Parvovirus in Dogs
What is Parvo?
Canine parvovirus (CPV) is the most common infectious disorder of dogs in the United States. Parvo is a contagious virus mainly affecting dogs. The disease is highly contagious and is spread from dog to dog by direct or indirect contact with their feces.
Parvo can be deadly, especially in puppies, which is why it’s so important for your puppy to receive a parvovirus vaccination as part of their multiple-agent vaccine series.
It is recommended to be given at 8, 12, and 16 weeks of age. In some high-risk situations, veterinarians will give the vaccine at two-week intervals, with an additional booster administered at 18 to 22 weeks of age.
Parvo can impact any dog breed, but the follow breeds are at particular risk if contracted with Parvo. Rottweilers, Doberman Pinschers, American Pit Bull Terriers, English Springer Spaniels, and German Shepherds
Signs and Symptoms
There is a broad range in the severity of symptoms shown by dogs that are infected with CPV. Adult dogs may or may not show any symptoms but the majority of cases of disease are seen in dogs less than 6 months old with the most severe cases seen in puppies younger than 12 weeks old.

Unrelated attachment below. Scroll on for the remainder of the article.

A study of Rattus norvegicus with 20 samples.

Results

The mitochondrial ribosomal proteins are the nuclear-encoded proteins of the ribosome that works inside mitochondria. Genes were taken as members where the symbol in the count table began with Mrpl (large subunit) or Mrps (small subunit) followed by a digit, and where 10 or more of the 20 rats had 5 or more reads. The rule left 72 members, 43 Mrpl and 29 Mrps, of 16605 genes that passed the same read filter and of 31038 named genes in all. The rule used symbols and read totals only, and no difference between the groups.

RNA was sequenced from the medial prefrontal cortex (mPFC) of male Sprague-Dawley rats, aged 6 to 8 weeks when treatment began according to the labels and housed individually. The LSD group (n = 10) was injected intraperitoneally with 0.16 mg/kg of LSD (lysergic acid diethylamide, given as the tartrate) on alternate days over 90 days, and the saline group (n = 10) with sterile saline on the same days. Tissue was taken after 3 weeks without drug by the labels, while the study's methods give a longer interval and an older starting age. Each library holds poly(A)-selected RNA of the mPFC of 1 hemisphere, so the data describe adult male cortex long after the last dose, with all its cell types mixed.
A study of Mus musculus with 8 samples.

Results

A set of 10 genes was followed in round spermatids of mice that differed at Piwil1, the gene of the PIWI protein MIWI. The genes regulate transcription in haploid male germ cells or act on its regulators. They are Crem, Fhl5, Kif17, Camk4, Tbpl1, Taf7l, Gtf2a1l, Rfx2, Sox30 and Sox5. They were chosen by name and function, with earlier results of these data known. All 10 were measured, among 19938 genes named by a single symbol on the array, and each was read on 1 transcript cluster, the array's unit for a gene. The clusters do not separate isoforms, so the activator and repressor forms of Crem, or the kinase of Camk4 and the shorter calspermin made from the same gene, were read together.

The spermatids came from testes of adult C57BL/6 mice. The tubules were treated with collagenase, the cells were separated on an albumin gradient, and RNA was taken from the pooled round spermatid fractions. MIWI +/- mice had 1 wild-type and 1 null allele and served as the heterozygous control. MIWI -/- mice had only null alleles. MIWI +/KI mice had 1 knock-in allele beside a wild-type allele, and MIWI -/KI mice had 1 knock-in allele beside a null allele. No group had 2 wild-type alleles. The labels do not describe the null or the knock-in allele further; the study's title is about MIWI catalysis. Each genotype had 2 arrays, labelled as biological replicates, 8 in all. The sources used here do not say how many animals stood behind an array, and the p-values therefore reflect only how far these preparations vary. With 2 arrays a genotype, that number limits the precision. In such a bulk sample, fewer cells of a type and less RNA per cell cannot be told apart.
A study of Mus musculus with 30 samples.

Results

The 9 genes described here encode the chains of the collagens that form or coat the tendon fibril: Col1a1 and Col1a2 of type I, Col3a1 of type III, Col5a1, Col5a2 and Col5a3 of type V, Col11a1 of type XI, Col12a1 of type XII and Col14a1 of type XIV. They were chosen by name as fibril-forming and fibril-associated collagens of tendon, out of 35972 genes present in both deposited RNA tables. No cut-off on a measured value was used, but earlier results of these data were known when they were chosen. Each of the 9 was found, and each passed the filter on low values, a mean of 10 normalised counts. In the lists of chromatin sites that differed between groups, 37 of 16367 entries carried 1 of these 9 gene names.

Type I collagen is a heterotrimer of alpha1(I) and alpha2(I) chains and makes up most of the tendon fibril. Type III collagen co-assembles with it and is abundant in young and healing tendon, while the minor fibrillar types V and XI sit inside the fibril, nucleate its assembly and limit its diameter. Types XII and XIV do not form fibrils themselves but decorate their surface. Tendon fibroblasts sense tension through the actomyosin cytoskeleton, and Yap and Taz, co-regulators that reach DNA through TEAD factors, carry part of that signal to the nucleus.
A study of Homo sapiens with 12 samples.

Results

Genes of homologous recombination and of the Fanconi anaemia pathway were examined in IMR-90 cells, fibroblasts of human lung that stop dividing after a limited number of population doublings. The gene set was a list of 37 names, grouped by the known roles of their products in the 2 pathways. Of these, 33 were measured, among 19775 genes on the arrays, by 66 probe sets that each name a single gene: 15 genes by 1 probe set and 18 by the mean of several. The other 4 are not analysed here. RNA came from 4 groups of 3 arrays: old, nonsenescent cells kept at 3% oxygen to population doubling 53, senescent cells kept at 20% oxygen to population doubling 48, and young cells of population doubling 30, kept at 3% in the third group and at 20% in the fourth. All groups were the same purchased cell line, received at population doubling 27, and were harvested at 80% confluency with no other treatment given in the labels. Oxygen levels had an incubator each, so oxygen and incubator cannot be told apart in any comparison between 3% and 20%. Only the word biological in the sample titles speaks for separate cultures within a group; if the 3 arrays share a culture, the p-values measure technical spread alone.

It can be especially severe in puppies that are not protected by vaccination. Parvo shows primarily in two forms, cardiac and intestinal.
- The common signs of the intestinal form are severe vomiting and dysentery.
- The cardiac form causes respiratory or cardiovascular failure in young puppies.
Parvo virus does not directly cause death but it causes loss of the lining of the intestinal tract and destroys some blood cell elements. The intestinal damage results in severe dehydration, electrolyte imbalances and infection in the bloodstream.
Treatment often involves veterinary hospitalization. Fluids and monitoring to manage the damage caused by the virus are needed to maximize survival rate. Statistically, puppies have a survival rate of 80-95% with treatment, and less than 10% survival rate without treatment.